Climate change is with us, but the future impact on the wine sector may not be quite as dramatic as many fear.
A four-year study in Shiraz vineyards around Mildura suggests that, for that region at least, increased temperatures and levels of CO2 do not have a significant impact on grape yield or quality.
‘Certainly nothing screamed out at us’, said project leader Dr Michael Treeby. ‘The grapes we produced were more-or-less the same as the grapes we produce now, and that’s not going to change very much.
‘And when we followed that through all the way to the wine, most of the time nobody could tell whether the wines came from vines that were heated or vines with higher CO2 or vines with both.’
The most important part of that sentence is the last bit. While there has been a bit of research examining the likely impact of higher temperatures, until now very little has looked at what elevated CO2 levels might mean.
And yet it’s the obvious question, because while CO2 is causing the temperature increases, it also has an impact on other things, notably photosynthesis. With higher CO2, plants fix more carbon.
‘We didn’t know the implications of that’, said Dr Treeby, who is Group Leader for Horticulture Production Sciences with Agriculture Victoria Research.
‘Do you get the same effect when you have both higher temperatures and CO2, which is what viticulture is going to have to contend with in 2050? Does extra CO2 mitigate temperature increases in some way?’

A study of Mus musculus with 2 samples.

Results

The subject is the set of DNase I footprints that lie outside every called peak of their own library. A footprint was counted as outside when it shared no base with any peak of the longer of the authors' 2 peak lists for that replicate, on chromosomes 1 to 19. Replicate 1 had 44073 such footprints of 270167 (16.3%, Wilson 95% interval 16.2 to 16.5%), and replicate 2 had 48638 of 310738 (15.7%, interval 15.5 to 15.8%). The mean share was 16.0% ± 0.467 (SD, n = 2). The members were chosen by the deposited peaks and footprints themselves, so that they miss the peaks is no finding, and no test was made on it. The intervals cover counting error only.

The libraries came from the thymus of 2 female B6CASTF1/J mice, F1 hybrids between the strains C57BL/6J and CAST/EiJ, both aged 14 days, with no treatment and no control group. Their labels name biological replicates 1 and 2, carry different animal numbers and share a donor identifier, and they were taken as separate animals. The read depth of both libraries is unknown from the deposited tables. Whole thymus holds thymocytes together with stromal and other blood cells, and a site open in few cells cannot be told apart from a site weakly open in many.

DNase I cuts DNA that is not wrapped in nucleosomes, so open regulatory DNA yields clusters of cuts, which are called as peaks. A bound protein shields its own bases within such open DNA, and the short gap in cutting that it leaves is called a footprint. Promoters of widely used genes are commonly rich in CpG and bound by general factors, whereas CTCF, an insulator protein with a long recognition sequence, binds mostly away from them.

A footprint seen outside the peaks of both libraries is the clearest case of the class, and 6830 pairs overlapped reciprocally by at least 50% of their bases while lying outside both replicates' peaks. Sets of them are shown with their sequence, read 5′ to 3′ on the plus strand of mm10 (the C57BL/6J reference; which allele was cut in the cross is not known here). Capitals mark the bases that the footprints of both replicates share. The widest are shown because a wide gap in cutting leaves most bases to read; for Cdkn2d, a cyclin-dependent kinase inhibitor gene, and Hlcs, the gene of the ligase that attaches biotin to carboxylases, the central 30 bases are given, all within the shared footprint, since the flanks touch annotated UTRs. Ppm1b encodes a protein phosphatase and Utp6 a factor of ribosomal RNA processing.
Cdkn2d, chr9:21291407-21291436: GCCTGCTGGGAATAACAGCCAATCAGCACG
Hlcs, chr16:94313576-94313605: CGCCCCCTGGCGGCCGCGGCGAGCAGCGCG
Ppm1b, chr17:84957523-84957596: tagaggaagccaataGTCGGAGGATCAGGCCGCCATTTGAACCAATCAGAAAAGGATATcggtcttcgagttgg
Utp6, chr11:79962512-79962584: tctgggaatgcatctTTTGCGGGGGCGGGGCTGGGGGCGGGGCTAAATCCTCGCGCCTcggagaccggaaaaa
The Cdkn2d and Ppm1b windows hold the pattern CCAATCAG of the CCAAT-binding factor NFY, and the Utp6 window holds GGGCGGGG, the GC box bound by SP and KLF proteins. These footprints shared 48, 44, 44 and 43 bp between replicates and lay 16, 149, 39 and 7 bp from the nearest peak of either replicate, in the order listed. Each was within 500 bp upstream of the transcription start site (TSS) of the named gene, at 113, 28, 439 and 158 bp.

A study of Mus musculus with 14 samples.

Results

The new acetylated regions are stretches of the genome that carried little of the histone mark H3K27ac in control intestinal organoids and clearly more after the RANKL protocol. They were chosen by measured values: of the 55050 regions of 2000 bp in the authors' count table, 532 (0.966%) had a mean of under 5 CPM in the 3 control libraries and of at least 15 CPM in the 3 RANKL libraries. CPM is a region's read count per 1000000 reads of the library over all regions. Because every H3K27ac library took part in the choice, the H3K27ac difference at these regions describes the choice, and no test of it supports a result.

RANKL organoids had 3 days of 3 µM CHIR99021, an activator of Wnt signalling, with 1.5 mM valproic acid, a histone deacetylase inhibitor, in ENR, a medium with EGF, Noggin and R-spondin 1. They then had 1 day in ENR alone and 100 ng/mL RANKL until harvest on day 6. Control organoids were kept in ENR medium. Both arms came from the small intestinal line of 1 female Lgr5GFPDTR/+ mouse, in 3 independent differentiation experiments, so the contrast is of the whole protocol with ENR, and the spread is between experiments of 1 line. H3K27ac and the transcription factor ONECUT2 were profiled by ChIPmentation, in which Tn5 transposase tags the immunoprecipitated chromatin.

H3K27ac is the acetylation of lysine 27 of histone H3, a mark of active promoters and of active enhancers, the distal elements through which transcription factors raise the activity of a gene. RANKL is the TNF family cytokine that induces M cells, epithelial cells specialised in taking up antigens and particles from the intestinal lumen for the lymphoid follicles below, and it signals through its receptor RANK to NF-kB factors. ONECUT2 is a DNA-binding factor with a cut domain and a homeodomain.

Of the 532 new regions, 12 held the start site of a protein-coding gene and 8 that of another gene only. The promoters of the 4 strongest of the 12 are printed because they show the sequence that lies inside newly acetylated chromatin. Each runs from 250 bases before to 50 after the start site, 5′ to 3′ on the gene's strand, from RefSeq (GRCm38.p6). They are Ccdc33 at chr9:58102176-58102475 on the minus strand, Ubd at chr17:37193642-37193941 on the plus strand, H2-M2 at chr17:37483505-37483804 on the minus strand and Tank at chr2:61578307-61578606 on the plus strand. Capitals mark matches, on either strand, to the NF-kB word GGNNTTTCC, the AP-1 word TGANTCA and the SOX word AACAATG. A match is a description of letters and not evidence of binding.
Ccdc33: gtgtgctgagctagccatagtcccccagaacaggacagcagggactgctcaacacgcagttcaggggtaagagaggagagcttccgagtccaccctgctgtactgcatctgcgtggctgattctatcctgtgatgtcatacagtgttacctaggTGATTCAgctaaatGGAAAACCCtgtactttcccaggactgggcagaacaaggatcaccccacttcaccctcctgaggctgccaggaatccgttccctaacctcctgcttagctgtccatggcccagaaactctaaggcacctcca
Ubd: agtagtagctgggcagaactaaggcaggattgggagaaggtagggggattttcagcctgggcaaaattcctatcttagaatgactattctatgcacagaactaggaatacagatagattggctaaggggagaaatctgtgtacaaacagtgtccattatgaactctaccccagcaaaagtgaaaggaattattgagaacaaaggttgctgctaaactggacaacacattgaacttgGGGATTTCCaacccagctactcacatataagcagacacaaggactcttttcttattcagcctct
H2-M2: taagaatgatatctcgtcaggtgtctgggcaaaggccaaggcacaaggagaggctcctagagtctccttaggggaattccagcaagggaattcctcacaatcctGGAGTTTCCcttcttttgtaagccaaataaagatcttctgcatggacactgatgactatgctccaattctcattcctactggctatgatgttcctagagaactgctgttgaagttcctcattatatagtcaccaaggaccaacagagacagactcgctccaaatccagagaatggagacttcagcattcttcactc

We now have some of the answers.
‘We know that most of the phenological effects – from budburst right through to harvest – are temperature driven, but when we start looking at leaf function, the amount of carbon being fixed, that’s all driven by CO2. Temperature is far less influential. So, the carbon balance of those vines is changing.
‘We also know that the amount of water used by the vines is driven by temperature – there are no great shocks there – but if vines are fixing more carbon they are inherently more efficient at it. That’s surprising, but it also offers a little bit of hope and some opportunities to use water more efficiently.’
The next question is whether similar results would be found in other regions, particularly those with a cooler climate. Dr Treeby can’t currently answer that, but he notes that the results were consistent across the four years of the study, which included variable conditions.
Interestingly, elevated CO2 was associated with an extra two kilograms of fruit per vine per season overall, but that effect was dwarfed by a factor of five by the seasonal effect, prompting Treeby to remind us that ‘the biggest thing that influences anything is the weather’.
‘Weather means all those unique combinations of temperature, humidity, cloud cover and so on that are beyond our control. We applied a uniform 250 parts per million higher CO2 and a +2° temperature relative to ambient temperature across the board. That’s a climate change, not weather change.’
The project, which involved input from the CSIRO, was both comprehensive and complicated, if only for the logistical difficulties out in the field of getting controlled amounts of CO2 directly to the vines and monitoring air temperature constantly.
Funding was received from Wine Australia, the Victorian Government and CSIRO. The project’s final report can be downloaded here.